Post: The Freemium Battles Are Heating Up

After a lengthy war of words over “Freemium” streaming, word has it the major labels may be preparing to step up their battle against YouTube’s all-you-can-watch, ad-supported model. According to The New York Post, UMG, Sony Music and WMG are all hoping to fight YouTube’s monopoly on free music content by throwing their weight behind emerging social rivals (including Snapchat and Vessel); if that doesn’t work, writes the paper’s Claire Atkinson, they may pull their content entirely.

The story quotes a “senior industry source” who alleges that YouTube is “not serious about monetizing music on behalf of the creators,” which means the relationship behind music firms and the gargantuan netco may have to be “reset.” Another anonymous industry source bemoans Google’s autocratic control of deal terms and calls the company “One of the worst partners.”

YouTube owner Google has thus far shown no interest in abandoning the ad-supported model, and touts substantial revenues for content holders. But as UMG chief Lucian Grainge and Sony Music head Doug Morris have repeatedly emphasized, such a model, is not regarded as sustainable by the majors.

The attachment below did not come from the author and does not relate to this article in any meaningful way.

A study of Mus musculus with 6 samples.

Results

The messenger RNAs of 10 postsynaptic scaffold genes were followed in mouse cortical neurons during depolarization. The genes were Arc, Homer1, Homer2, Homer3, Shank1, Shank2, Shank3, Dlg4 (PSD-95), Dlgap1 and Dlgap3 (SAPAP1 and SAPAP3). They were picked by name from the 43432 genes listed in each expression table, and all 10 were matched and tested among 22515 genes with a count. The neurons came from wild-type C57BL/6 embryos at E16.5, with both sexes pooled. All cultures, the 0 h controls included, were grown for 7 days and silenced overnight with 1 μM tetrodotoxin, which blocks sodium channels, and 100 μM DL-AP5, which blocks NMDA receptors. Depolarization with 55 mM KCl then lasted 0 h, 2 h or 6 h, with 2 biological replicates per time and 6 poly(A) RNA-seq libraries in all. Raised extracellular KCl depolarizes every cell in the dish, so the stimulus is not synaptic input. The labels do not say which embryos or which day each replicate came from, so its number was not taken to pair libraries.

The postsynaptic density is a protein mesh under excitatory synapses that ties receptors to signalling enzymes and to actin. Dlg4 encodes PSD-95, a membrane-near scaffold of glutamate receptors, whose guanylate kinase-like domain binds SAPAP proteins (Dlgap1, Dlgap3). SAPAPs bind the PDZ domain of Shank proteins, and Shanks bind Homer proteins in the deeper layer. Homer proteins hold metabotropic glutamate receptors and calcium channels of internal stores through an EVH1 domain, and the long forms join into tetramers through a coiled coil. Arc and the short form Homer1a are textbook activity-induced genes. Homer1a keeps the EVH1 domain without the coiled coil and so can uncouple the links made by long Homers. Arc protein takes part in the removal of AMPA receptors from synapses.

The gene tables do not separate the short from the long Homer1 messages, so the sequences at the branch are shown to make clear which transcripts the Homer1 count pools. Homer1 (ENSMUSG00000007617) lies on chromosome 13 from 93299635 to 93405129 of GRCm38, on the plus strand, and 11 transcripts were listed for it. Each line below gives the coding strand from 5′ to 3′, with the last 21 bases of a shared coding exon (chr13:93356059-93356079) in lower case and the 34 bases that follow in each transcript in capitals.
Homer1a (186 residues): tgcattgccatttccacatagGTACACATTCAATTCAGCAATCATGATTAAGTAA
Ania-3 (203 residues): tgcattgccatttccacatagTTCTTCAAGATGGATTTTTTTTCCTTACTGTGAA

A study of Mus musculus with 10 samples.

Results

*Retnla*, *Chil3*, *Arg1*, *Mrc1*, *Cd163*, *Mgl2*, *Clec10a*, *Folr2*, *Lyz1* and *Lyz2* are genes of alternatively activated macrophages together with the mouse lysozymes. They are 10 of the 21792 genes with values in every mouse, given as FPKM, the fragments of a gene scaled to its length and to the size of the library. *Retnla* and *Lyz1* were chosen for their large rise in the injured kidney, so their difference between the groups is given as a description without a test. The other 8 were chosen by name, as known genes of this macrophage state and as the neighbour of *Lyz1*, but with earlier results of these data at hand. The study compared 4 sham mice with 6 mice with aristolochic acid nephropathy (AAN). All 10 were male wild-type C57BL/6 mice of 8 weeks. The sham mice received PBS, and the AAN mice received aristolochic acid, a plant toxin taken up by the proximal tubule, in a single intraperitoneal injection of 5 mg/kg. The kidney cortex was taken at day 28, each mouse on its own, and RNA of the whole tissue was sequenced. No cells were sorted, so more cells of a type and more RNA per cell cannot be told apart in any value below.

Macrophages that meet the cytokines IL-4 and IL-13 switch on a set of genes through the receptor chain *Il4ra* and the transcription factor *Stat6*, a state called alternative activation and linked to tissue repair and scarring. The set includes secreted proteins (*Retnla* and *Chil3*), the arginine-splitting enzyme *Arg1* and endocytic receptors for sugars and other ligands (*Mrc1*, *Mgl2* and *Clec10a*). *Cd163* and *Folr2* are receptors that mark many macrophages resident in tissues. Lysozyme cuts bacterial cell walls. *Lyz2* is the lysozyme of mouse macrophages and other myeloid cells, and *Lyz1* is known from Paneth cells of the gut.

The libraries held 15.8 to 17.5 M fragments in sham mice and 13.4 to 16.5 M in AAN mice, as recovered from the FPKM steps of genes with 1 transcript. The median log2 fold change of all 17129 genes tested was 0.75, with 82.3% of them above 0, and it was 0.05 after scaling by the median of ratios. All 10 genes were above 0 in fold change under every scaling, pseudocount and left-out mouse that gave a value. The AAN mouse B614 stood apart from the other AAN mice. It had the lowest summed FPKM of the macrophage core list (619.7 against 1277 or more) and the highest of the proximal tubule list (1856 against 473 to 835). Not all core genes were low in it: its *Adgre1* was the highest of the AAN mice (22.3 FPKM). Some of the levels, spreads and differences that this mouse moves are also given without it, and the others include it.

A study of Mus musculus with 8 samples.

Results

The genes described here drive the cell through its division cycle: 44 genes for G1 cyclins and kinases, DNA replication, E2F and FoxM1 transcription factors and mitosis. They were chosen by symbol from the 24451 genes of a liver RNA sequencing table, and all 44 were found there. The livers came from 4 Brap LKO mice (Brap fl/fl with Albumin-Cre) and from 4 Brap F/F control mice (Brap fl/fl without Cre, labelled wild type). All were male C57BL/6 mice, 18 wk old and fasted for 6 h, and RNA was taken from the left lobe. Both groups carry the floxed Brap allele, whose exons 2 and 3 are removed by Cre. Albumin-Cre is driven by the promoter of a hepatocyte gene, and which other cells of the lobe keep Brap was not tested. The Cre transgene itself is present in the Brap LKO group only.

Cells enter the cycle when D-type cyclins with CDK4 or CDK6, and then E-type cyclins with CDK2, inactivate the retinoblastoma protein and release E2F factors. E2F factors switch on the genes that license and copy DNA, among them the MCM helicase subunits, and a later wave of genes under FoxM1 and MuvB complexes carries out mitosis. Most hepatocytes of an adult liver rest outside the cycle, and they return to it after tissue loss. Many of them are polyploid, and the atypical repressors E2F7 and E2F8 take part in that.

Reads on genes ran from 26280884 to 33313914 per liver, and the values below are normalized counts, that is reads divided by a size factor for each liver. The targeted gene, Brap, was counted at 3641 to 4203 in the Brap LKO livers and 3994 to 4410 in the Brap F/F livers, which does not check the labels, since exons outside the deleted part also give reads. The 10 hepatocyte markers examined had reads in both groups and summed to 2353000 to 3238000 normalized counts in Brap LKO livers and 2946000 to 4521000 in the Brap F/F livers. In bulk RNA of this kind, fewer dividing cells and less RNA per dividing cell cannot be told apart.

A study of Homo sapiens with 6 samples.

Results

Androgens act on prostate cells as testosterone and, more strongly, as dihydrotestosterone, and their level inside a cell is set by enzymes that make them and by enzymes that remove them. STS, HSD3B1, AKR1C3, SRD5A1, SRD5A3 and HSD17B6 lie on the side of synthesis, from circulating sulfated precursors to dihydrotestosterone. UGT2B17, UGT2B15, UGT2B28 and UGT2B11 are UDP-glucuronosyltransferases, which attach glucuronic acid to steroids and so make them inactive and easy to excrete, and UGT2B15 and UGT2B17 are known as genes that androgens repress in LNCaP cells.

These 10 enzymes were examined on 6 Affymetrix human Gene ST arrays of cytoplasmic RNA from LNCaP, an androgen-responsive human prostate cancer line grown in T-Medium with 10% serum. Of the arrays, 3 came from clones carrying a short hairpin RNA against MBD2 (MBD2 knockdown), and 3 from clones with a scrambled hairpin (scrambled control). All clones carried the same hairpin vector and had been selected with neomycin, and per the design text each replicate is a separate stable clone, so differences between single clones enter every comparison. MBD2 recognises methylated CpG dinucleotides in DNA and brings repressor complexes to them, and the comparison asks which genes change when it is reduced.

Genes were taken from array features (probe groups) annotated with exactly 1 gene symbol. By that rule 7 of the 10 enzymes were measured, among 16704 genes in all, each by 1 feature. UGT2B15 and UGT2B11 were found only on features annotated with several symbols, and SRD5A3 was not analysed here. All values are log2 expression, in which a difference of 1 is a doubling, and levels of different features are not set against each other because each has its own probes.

Meanwhile, YouTube has done next to nothing with subscription service Music Key, which soft-launched in November and is ostensibly in beta. Atkinson cites an unnamed exec who calls the service “a giant head-fake.”

With the growth in paid Spotify subscribers and potential for a windfall via the newly launched Apple Music—we’ll know more once the latter’s first free-trial period is over—the biz is clearly going full bore on subscription and doing its best to minimize the dominance of ad-supported/freemium access.

The problem with removing official music clips is that fans will almost certainly try to fill the gap by uploading their own unauthorized videos; as in the file-swapping days of yore, the majors could end up playing an endless game of whack-a-mole trying to keep infringing clips off the service.

YouTube, meanwhile, just announced the hiring of MTV programming chief Susanne Daniels, who will step into a newly created content-creation post.

In other streaming news, the Wall Street Journal reports that another target of music-biz ire, Soundcloud, is preparing a subscription service of its own. Currently, Soundcloud makes revenue from ads, like YouTube does, as well as fees from artists who want to upload more than the maximum allowed with a free account. Digital Music News, meanwhile, reports that Soundcloud is "dangerously low on cash" and is struggling to scrape together its next round of financing despite a $700m valuation.

A subscription tier would be its third source of income; one wonders, given its hostile relationship with music companies, how this might come about. In discussing the planned service, co-founder/CTO Eric Wahlforss would neither confirm nor deny that the company is planning an IPO.